How to Train a Shy or Anxious Dog

Shyness and fear are problematic traits; they can lead to aggression and biting if not handled properly. One of the most frequent causes of shy or fearful behavior is poor socialization.

Dogs can become shy or fearful for a variety of reasons, including genetic predisposition, inadequate stimulation, negative experiences and social influences. One of the most frequent causes of shy or fearful behavior is poor socialization. A dog’s optimal socialization period is during the first 3 and 12 weeks of life. During this 2-month span, puppies are most likely to be accepting of new and different people, places and objects. After that time, they begin to develop caution about new experiences. Early exposure and positive associations are important steps to prevent fearful behaviors later in life.

Start with socialization.

Shyness and fear are problematic traits; they can lead to aggression and biting if not handled properly. Pet owners can help their dogs mature into confident, stable dogs by carefully but consistently introducing them to other people, other friendly dogs and new environments outside the home. Daily walks on leash are often the most practical way to do this.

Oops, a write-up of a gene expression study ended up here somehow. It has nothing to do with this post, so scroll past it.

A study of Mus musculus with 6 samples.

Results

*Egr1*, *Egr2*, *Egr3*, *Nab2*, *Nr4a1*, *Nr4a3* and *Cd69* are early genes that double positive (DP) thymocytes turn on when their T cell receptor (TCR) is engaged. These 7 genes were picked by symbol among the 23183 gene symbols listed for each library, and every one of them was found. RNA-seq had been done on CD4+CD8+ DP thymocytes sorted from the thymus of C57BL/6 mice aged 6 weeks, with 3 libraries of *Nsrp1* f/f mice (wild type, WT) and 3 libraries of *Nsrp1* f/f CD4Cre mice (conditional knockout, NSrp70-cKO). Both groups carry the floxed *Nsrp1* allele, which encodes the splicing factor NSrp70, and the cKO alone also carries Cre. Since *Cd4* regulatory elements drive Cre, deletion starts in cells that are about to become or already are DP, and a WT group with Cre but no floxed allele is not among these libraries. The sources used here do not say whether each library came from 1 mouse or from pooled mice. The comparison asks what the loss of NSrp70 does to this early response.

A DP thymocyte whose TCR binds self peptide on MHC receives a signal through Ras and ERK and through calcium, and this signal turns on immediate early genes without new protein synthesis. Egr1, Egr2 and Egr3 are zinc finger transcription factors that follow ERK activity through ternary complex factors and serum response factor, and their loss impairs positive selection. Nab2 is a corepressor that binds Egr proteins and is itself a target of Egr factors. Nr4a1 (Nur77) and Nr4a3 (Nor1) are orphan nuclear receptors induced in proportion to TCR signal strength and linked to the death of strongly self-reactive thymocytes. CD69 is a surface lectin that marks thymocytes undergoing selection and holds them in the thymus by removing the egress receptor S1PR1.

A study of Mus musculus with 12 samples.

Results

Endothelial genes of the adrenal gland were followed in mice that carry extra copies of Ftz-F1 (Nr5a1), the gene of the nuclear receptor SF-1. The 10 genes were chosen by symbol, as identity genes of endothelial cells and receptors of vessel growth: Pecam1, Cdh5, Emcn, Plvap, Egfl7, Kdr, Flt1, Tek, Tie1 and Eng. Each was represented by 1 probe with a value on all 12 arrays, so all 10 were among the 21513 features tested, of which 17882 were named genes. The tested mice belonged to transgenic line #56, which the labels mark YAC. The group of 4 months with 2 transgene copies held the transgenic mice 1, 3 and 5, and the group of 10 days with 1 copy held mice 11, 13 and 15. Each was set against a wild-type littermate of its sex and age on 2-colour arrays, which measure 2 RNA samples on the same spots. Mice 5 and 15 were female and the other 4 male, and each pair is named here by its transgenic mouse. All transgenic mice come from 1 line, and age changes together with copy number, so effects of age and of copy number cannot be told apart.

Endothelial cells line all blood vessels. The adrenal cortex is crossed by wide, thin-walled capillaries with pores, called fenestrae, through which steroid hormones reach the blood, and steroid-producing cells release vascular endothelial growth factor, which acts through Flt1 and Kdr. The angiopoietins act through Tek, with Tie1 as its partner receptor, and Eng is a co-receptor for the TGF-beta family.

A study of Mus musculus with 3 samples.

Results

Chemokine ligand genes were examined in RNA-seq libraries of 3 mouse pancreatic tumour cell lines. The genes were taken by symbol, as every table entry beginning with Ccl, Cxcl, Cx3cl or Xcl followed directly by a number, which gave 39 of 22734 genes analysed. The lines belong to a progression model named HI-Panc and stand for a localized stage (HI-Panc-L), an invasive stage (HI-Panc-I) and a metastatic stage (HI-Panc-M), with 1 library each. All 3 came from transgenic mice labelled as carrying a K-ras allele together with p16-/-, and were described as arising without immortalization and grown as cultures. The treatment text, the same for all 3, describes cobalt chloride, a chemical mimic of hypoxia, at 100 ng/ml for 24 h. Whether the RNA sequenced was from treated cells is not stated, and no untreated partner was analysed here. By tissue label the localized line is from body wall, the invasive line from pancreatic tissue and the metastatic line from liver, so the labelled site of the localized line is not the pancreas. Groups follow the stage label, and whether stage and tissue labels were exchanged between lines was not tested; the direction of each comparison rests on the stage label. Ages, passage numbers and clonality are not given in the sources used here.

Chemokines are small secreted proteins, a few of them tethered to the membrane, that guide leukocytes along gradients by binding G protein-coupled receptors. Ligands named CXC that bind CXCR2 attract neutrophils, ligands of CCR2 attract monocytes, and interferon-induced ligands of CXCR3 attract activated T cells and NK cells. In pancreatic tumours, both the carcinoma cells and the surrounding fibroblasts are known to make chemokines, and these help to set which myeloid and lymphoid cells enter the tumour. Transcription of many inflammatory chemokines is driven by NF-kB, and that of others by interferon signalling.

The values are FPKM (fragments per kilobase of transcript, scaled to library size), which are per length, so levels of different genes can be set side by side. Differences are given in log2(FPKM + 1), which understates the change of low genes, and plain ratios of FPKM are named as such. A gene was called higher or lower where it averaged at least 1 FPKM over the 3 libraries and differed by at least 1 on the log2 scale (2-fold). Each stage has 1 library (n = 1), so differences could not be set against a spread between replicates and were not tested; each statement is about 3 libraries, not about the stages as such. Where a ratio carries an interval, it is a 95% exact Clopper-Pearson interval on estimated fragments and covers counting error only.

Special circumstances require special training.

The shy or fearful dog can be frightened and even traumatized by forceful training methods. Use gentle, positive methods to gain your dog's trust. Next, build your dog’s confidence. Reward desired behaviors, and incremental progress, with gentle, happy verbal praise and small tasty treats. For those behaviors you want to eliminate, try ignoring them, or at most, issue a clear but gentle "no".

Behavior therapy for shy or fearful behavior has two key components:

  • Relaxation. Reward your dog for relaxed, calm behavior. Have him sit for 10-20 minutes a day in a relaxed state. You can use massage to help him attain this state, if need be. Gradually add distraction, such as quiet hand claps, so that your dog can establish a pattern of calm, relaxed responses.
  • Counter-conditioning. After a pattern of relaxation is established, expose your dog to small amounts of whatever makes him fearful – and then add in something that the dog loves so he will begin to associate the fear trigger with pleasure. For instance, if your dog is afraid of the vacuum cleaner and loves fresh-baked chicken, create an association between these two objects.

Most shy dogs can become confident, happy canines with proper training over time. Let your dog set his own pace, and remember to praise him liberally whenever he overcomes a hurdle.